National Fatherhood Initiative’s (NFI) mission is to help organizations and communities engage fathers in their children’s lives. The Washington State Dad Affiliates work with a subset of those fathers: dads who have a child with special health care needs.
Children and youth with special health care needs are defined by the U.S. Maternal and Child Health Care Bureaus those who “have or are at increased risk for chronic physical, developmental, behavioral or emotional conditions and who also require health and related services of a type or amount beyond that required by children generally.” The Bureau states that 20% of U.S. children under the age of 18 years of age have a special health care need and that one in five U.S. families have a child with a special health care need.
This means that there are a lot of men out there who are the dads of these children. Many of their needs are the same as any other dad but some needs are different.
To help practitioners work with these dads NFI has asked us to write this guest blog and offer some tips for working with dads who have children with special health care needs. We would love to hear from you with your thoughts about these tips or additional tips that you have. And, if you have a program that supports dads who have children with special needs we’d very much like to be in touch. If you’d like to contact us please email Louis Mendoza, of the Washington State Fathers Network, at email@example.com.
One last thing before you continue reading. We realize that there are many different types of family structures but for the sake of simplicity, the language below leans more toward the traditional family model. In most cases the tips will still apply to dads in other family structures.
The Washington State Dad Affiliates is currently made up of the following organizations:
- Dads Appreciating Down Syndrome
- Dads Move
- Olympia/Shelton Dad’s Support Group
- Southwest Washington Men’s Autism Support Group
- Washington Dads
- Washington State Fathers Network
Tips 1-5: How to work with fathers who have children with special health care needs.
- Be Aware That Dad May Feel That No One Understands What He’s Going Through
Stereotypically speaking, men are not as likely as women to reach out to their social network for support (emotional, logistical or otherwise). When a dad has a child with special health care needs, especially when the diagnosis is new, the need for support can be very important. But, if their male mindset makes it difficult to reach out the dad can begin to feel isolated. This isolation can be intensified if he withdraws from conversations about children with other male friends, neighbors and co-workers because he feels that his child isn’t doing or can’t do what the other kids are doing. This lack of seeking support and withdrawing from talking about his child can lead to a feeling that no one understands what he’s going through and that he’s in this by himself.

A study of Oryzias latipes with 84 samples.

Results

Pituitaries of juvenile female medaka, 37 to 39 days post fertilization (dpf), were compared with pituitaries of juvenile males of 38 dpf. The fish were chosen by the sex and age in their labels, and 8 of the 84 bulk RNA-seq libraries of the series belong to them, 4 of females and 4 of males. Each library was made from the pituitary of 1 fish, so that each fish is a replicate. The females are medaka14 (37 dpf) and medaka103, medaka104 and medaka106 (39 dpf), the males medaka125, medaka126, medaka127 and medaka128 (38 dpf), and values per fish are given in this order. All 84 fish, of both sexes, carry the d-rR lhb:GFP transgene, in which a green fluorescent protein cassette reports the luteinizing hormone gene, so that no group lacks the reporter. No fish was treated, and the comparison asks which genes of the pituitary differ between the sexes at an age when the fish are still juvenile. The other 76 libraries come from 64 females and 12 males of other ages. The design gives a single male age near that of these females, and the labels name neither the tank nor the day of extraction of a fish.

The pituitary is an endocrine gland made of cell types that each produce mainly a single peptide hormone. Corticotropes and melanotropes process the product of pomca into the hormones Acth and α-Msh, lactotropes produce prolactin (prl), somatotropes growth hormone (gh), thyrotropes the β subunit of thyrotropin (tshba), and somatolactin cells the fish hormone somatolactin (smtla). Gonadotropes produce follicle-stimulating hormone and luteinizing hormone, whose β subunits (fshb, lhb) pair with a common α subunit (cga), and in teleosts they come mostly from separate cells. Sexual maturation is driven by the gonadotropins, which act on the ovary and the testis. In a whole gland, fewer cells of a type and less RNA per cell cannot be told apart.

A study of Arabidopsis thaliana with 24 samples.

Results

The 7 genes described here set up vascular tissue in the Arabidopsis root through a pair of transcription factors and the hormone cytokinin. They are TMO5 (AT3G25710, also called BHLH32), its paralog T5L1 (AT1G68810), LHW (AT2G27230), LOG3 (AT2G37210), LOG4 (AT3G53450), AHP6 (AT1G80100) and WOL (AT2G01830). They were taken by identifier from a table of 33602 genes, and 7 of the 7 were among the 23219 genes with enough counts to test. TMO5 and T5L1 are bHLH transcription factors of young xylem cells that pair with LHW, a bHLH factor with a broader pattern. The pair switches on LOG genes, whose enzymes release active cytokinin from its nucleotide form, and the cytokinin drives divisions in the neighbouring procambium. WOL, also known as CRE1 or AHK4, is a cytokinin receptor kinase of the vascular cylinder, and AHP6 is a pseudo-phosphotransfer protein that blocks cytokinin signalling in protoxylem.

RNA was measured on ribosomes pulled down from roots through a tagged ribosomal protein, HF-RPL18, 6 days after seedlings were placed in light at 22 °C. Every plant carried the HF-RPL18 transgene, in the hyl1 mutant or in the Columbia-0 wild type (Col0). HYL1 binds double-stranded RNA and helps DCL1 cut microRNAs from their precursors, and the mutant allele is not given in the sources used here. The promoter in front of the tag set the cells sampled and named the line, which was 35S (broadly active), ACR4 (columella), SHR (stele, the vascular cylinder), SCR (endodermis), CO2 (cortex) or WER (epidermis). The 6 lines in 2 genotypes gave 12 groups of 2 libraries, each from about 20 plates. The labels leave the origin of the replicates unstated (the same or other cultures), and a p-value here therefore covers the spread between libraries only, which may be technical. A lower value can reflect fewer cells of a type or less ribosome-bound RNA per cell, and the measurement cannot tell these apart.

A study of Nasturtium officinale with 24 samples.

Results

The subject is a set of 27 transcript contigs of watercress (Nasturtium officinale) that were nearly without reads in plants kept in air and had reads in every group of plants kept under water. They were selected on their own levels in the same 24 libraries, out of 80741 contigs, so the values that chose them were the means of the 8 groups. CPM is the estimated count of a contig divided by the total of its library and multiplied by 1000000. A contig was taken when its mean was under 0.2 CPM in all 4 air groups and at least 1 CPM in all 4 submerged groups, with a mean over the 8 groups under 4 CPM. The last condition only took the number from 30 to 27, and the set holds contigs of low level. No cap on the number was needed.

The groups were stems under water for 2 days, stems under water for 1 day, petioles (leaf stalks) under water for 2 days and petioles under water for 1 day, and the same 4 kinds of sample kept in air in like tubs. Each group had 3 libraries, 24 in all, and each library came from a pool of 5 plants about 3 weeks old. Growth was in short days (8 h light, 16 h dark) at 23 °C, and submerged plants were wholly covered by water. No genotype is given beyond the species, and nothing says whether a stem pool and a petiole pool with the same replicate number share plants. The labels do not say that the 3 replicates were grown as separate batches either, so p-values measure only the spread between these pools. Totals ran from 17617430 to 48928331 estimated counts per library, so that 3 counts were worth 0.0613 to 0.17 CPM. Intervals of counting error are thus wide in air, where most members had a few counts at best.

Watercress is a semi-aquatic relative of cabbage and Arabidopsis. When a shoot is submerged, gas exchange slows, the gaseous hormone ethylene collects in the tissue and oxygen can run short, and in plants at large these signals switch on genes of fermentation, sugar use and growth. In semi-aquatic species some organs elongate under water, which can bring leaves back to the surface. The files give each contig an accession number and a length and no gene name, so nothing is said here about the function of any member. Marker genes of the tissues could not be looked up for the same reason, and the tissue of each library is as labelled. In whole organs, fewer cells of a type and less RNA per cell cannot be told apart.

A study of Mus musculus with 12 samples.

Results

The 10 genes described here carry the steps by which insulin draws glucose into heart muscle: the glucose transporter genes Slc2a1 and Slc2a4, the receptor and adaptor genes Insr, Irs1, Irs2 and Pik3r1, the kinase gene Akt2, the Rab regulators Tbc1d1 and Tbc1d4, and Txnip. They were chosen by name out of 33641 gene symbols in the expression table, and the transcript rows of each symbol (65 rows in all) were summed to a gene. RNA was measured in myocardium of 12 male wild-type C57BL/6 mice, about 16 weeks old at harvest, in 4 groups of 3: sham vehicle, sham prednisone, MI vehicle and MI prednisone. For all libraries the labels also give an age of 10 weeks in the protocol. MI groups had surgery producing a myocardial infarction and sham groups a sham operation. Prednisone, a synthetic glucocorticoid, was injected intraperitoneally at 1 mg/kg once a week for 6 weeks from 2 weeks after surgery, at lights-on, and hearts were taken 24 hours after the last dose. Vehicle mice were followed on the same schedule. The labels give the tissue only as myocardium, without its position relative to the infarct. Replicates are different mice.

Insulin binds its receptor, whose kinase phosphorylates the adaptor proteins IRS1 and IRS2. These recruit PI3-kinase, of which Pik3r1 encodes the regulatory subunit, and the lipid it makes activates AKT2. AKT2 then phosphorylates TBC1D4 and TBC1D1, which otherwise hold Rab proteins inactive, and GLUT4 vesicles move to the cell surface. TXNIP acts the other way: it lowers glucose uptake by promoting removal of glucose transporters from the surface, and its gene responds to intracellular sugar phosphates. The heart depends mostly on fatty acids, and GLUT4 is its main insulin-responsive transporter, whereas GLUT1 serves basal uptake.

- Help Him Connect with Other Dads
For a dad who feels that “he’s in this by himself”, it can be a powerful experience to find other dads who have or are going through similar experiences with their family and “get it”. Whether it’s in a support group setting or through social activities, making a connection to other dads offers the opportunity to get advice, learn about resources, ask questions, express frustrations, and share moments of joy. Help them find father-driven support groups and if there aren’t any locally consider starting one.
- You May Need to be Extra Patient
Men often hold in their emotions so it can be difficult to understand how they’re feeling about or coping with having a child with special health care needs. As a practitioner, teacher, or service provider this situation may require some additional patience on your part to learn what, if any, issues need to be addressed and how best to proceed with any given dad.
- Objectively Evaluate the Services You Provide to Determine How Welcoming You Are of Dads
Most programs and services that assist families of children with special health care needs tend to be female driven and centered. This is the result of years of moms being the ones who interacted with schools, doctors, therapists and social service providers. Today, more and more dads are taking on some of those “traditional” mom roles. So, look at how welcoming you are of dads by looking at things like program names, wording in communications, who communications go to, etc.
- Keep Individual and Cultural Differences in Mind
There is a broad spectrum of acceptance among men regarding their child with special health care needs. Additionally, acceptance will vary among communities of color and immigrant communities. Always question whether your perspective on the situation and the needs of the dad and/or child agree with how dad sees things. If differences are due to cultural perspectives and you’re not familiar with the culture seek help from someone who has that understanding.
Part two of this blog series can be found here.